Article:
Jurors hear from lurid 2005 Cosby deposition in sex assault retrial

Jurors weighing the fate of Bill Cosby were allowed to hear graphic testimony from a 2005 deposition in which the comedian described a sexual encounter with accuser Andrea Constand in detail.

Prosecutors won the right to introduce the deposition, which Cosby gave in connection with a civil suit filed by Constand, at the sexual assault retrial on charges he drugged and molested her at his suburban Philadelphia home in 2004.

The ruling by Judge Steven T. O'Neill gave the prosecution a key victory in its effort to portray Cosby as a serial sexual predator.

In the deposition, Cosby described his attempt to obtain consent from Constand during a previous encounter.

"I'm giving Andrea time to say 'yes' or 'no' about an area that is right there in the question zone," Cosby testified.

He said he rubbed the skin above her trousers and "without talking I'm asking can I go farther."

"I don't hear her say anything. And I don't feel her say anything," Cosby said. "And so I continue and I go into the area that is somewhere between permission and rejection. I am not stopped."

Constand has testified that she rejected Cosby's previous advances.

The deposition was also included at Cosby's first trial, which ended with a hung jury last year.

Prosecutors used another of Cosby's statements — given to police in 2005 — to show how he described the encounter for which he is facing aggravated indecent assault charges. These could send him to prison for years.

Cosby said he gave Constand one and a half tablets of the cold and allergy medicine Benadryl to help her relax, then fondled her breasts and genitals, according to the transcript, which was read to the jury on Tuesday morning.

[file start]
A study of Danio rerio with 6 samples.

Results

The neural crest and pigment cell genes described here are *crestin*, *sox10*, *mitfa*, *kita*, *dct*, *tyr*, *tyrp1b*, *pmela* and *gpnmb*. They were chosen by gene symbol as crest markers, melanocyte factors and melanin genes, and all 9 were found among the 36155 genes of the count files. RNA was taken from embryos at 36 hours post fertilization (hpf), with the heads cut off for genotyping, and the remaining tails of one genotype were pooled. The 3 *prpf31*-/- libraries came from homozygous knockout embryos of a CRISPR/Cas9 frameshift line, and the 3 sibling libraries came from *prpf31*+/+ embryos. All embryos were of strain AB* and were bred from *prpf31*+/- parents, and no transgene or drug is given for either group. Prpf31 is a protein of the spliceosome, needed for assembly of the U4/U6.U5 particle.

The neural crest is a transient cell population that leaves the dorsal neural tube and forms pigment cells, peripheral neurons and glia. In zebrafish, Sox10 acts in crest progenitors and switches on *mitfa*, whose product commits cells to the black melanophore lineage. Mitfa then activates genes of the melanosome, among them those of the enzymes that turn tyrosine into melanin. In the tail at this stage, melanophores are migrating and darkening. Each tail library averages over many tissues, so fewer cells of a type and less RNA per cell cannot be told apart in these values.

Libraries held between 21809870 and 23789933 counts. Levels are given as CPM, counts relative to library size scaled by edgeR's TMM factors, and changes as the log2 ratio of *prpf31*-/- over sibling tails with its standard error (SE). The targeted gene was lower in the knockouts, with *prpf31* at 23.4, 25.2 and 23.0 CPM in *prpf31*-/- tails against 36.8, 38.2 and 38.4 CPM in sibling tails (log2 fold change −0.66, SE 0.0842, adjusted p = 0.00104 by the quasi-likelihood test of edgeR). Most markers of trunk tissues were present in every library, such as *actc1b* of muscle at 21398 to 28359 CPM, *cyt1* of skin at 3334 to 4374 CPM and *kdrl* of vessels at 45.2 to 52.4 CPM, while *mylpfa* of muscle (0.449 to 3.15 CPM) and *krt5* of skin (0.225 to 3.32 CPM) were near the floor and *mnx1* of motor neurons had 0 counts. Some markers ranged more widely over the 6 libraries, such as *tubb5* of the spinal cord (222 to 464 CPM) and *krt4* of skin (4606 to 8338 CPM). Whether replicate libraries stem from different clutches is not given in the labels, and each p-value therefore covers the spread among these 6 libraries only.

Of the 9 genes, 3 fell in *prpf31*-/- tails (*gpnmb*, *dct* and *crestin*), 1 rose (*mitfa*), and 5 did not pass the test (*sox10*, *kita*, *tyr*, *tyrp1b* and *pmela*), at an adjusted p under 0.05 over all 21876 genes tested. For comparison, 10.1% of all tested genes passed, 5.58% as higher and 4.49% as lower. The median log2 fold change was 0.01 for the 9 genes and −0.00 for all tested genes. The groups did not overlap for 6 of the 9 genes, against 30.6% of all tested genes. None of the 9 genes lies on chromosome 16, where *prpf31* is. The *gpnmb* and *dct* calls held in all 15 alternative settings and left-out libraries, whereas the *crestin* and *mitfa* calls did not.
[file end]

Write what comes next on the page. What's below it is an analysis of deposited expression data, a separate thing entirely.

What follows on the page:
Cosby said Constand never told him to stop.

"We are petting. I enjoyed it," the TV star said, according to the transcript. "And then I stopped and I went up to bed. We stopped and then we talked."

Constand says Cosby knocked her out with the pills and then sexually assaulted her, penetrating her with his fingers and guiding her hand to his penis. Cosby told police he didn't remember whether Constand touched his genitals.

The jury was expected to hear later about Cosby's acknowledged use of Quaaludes, a popular party drug in the 1970s that was banned in the U.S. in 1982, to help get women to have sex with him.

Cosby said in his deposition that he had obtained several prescriptions for quaaludes from his doctor in Los Angeles in the 1970s, ostensibly for a sore back. The long-married comedian said he never took the drug, instead giving it to women he wanted to have sex with "the same as a person would say, 'Have a drink.'"

"Quaaludes happen to be the drug that kids, young people, were using to party with, and there were times when I wanted to have them just in case," Cosby testified.

The comic ultimately settled Constand's lawsuit for nearly $3.4 million.

Cosby's lawyers argued the testimony is irrelevant to his retrial because there is no evidence he gave Constand the drug. Prosecutors have suggested otherwise.

The unsealing of the deposition, at the request of The Associated Press, led prosecutors to reopen Cosby's criminal case in 2015.

A police sergeant who investigated Constand's allegation a decade earlier testified Tuesday that the probe was abruptly shut down before police had finished their work.

Cheltenham Township Police Sgt. Richard Schaffer told jurors that then-District Attorney Bruce Castor announced he was closing the probe hours after investigators met to discuss leads that needed to be followed up — and just four weeks after Constand went to police. Castor has said the evidence showed both parties "could be held in less than a flattering light."

On Monday, Constand rejected defense allegations that she concocted her story to score a big payday, and her mother testified that Cosby apologized in a phone call and called himself a "sick man."

Andrea and Gianna Constand's testimony followed that of five additional accusers who told jurors that Cosby drugged and assaulted them two decades earlier.

As Cosby arrived at the courthouse Tuesday, his spokeswoman, Ebonee Benson, told reporters that Constand's testimony "seemed to be more colorful and more embellished" than at the first trial.

The Associated Press contributed to this report.